By Jordan Russell
Reno is supposedly a 24-hour city, but anyone who has scoured Yelp for late-night dining options can tell you that after a certain hour it becomes a veritable wasteland. It’s a Cinderella story, really — by day, Reno is home to a burgeoning food culture, but once the clock strikes midnight the glittering stagecoach that travels through Midtown and downtown vanishes, and diners are left with a few old pumpkins. While casinos offer a few options for night owls, those who prefer their meals untainted by the smells of cigarette smoke and broken dreams tend to avoid them.
This small list of options dwindles even further for those of us who avoid eating animals. We vegetarians and vegans find little comfort in places like Archie’s that cater to our carnivorous counterparts. (Archie’s does offer Gardenburgers to replace their beef patties at no additional charge, but why pay upwards of $10 for something you could microwave at home for a fraction of the price?) While our friends wolf down hamburgers and hot wings, we are left with a basket of fries and a side order of dissatisfaction.
But for my fellow herbivores about to give up on finding a late-night dining spot, all hope is not lost. Two restaurants stand apart from the bevy of late-night restaurants offering little more than deep-fried appetizers, and offer vegetarians and vegans the opportunity to refuel on quality food that won’t break the bank.
There are few foods more comforting on a frigid winter night than pho. The popular Vietnamese soup is a specialty at Golden Flower, which is open until 3 a.m. every day. Loaded with fresh vegetables, rice noodles and tofu, the No. 18 on Golden Flower’s menu is a hearty option for those looking to fill up on “real food” after a long night.
The No. 18 only comes in the large size, but for less than $9 the portion is big enough to have leftovers for another meal. Unfortunately for vegans, all pho is served in a bone-based broth and is not free of animal products. However, spring rolls can be made vegan (ask your server to leave out the shrimp). Though they are only appetizers, spring rolls filled with veggies make for a more healthful and substantial option than the deep-fried carbs served at American eateries.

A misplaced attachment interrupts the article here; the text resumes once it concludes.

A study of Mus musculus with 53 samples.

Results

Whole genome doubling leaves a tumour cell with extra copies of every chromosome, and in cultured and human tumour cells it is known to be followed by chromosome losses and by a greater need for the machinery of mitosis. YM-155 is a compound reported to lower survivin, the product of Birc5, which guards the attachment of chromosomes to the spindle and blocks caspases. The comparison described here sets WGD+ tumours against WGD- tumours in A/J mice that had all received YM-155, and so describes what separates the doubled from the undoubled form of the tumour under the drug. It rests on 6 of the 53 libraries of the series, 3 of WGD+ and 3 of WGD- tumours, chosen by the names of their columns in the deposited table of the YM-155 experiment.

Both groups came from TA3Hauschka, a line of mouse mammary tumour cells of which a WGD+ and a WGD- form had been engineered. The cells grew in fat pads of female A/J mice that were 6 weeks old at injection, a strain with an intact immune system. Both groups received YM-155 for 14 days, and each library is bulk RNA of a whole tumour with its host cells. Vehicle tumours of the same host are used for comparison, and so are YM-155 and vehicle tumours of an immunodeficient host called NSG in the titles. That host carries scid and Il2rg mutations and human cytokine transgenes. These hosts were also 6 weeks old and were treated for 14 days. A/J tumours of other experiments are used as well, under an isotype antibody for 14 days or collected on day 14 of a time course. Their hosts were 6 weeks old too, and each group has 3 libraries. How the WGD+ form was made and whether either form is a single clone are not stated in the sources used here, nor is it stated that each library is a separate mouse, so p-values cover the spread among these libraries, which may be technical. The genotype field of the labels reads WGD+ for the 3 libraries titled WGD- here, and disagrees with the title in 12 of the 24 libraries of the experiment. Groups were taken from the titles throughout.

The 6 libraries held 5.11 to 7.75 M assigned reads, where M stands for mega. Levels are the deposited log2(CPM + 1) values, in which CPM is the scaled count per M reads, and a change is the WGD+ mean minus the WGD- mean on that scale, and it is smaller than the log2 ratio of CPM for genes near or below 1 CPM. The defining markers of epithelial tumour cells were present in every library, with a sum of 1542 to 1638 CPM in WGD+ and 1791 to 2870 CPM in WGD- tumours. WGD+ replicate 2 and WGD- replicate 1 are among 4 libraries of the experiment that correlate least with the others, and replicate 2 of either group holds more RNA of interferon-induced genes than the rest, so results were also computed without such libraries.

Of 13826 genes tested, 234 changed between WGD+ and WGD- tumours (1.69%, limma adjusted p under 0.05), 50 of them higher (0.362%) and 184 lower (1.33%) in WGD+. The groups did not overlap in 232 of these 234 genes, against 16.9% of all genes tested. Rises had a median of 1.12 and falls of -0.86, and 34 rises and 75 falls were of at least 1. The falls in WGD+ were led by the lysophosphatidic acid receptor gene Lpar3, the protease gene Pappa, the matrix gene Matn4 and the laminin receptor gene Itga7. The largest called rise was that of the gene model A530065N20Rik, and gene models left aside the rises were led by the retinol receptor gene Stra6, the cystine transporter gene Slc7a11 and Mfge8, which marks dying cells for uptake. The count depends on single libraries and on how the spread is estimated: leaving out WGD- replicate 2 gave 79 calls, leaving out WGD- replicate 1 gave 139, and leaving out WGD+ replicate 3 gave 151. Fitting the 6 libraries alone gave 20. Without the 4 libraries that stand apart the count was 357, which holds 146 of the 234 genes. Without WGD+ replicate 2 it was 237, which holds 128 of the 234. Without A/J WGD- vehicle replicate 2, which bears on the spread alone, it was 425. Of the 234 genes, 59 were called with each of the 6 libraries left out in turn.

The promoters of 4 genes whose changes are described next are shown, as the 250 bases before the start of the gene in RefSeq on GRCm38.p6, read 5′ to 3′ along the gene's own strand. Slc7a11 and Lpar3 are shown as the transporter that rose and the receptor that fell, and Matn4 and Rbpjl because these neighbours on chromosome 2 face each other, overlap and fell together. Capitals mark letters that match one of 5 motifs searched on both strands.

The one area Golden Flower lacks in is ambiance. The interior is simple and somewhat unappealing — an arrangement of plastic-covered tables and chairs in a space sparsely decorated with generic Asian art. However, the opportunity to enjoy wholesome food at a reasonable price more than makes up for it.
Noble Pie Parlor
Open until 5 a.m. on Fridays and Saturdays, Noble Pie Parlor will feed your late-night cravings for quality handcrafted pizza. Vegetarians have several options, from whole pies and slices to calzones, and vegans can order calzones and whole pizzas with dairy-free “cheese.” Whole pizzas can also be made on a gluten-free crust for those who can’t tolerate wheat.
NPP is a bit pricier than Golden Flower, but the food quality and wealth of options make it worth the small splurge. Individual slices start at $3.49 for cheese only, and each vegetable is an additional 29 cents. Whole pizzas start at $14.99 with an additional 79-cent charge for each veggie topping. However, smart planning can go a long way in making the trip affordable. A medium (14-inch) three-topping pizza split between two, for example, would cost each person around $9; a large (16-inch) three-topping split between three people would cost less than $7 per person. NPP also offers a student special every day and at all hours — one slice, three garlic knots and a 24-ounce soda for $6.50.
What Golden Flower lacks in ambiance, NPP has in abundance. Nestled downtown between Triumph Tattoo and Tonic Lounge, NPP is a hip restaurant that manages to maintain a laid-back vibe equally appropriate for group dinners or sobering up after a long night of partying.
Jordan Russell can be reached at firstname.lastname@example.org and on Twitter @TheSagebrush.